On January 15, 2008, about 1439 Alaska Standard time, a Cessna 208B airplane, N454SF, sustained substantial damage when it collided with snow-covered terrain during the landing flare at the Bethel Airport, Bethel, Alaska. The airplane was being operated as a visual flight rules (VFR) cross-country air medical flight under Title 14, CFR Part 135, when the accident occurred. The airplane was operated by Grant Aviation Inc., Anchorage, Alaska. The airline transport certificated pilot, a paramedic passenger, and two medical patients/passengers, were not injured. A second paramedic passenger received minor injuries. Visual meteorological conditions prevailed, and VFR company flight following procedures were in effect. The flight originated at the Sheldon Point Airport, Sheldon Point, Alaska, about 1315. Use your browsers 'back' function to return to synopsisReturn to Query Page
During a telephone conversation with the National Transportation Safety Board (NTSB) investigator-in-charge (IIC), on January 15, the director of operations for the operator reported that the pilot was planning to land on runway 18 at Bethel. Instead, the airplane touched down in a snow-covered area of the airport, between the runway and the adjacent taxiway, collapsing the nose landing gear.
On January 17, the director of maintenance for the operator reported that the airplane sustained structural damage to the firewall and forward fuselage bulkhead.
At 1437, a special weather observation at Bethel was reporting, in part: Wind, 160 degrees (true) at 17 knots; visibility, 10 statute miles; clouds and sky condition, 1,400 feet scattered, 2,900 feet scattered, 3,500 feet broken; temperature, 30 degrees F; dew point, 27 degrees F; altimeter, 29.36 inHg; remarks, occasional localized low drifting snow and blowing snow.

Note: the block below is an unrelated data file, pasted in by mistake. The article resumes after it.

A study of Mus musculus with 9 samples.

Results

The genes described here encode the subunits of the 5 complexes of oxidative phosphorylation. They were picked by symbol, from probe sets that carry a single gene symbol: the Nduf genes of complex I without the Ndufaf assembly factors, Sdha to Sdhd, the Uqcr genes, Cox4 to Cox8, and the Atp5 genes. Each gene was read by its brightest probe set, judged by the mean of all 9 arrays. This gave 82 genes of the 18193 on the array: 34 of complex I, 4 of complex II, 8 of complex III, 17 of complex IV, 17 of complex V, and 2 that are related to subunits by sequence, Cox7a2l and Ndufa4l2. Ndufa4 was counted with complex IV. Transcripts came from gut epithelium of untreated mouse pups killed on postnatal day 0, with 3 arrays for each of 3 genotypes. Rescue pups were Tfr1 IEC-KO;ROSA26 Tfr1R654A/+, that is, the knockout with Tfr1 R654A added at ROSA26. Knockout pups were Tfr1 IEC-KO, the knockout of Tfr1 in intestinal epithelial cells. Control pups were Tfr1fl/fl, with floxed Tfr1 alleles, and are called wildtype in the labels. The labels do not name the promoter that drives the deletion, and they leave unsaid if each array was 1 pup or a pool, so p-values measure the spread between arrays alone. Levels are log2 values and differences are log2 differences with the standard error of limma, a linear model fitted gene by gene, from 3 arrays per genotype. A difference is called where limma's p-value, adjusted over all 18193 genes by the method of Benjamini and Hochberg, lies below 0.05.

In the Pilot/Operator Aircraft Accident Report (NTSB Form 6120.1) submitted by the operator, the pilot reported that during the landing approach, blowing snow and flat lighting conditions contributed to his difficulty in discerning the correct location of the runway. He said he "aimed for the darker area between the runway and the taxiway, believing this was the runway."
In the "Recommendation (How could this accident have been prevented)" portion of the NTSB Form 6120.1, the director of operations said that the depression between the runway and the taxiway had been filled with snow by runway maintenance personnel during snow removal operations. He indicated that the area had the illusion of a hard surface, and landing during reduced visibility due to blowing snow required the pilot to take advantage of any and all available resources to ensure a successful outcome. He suggested that pilots could request air traffic control tower (ATC) personnel to activate the runway lighting, and the pilot could also use the instrument landing system (ILS) localizer as a means of aligning with the centerline of the runway.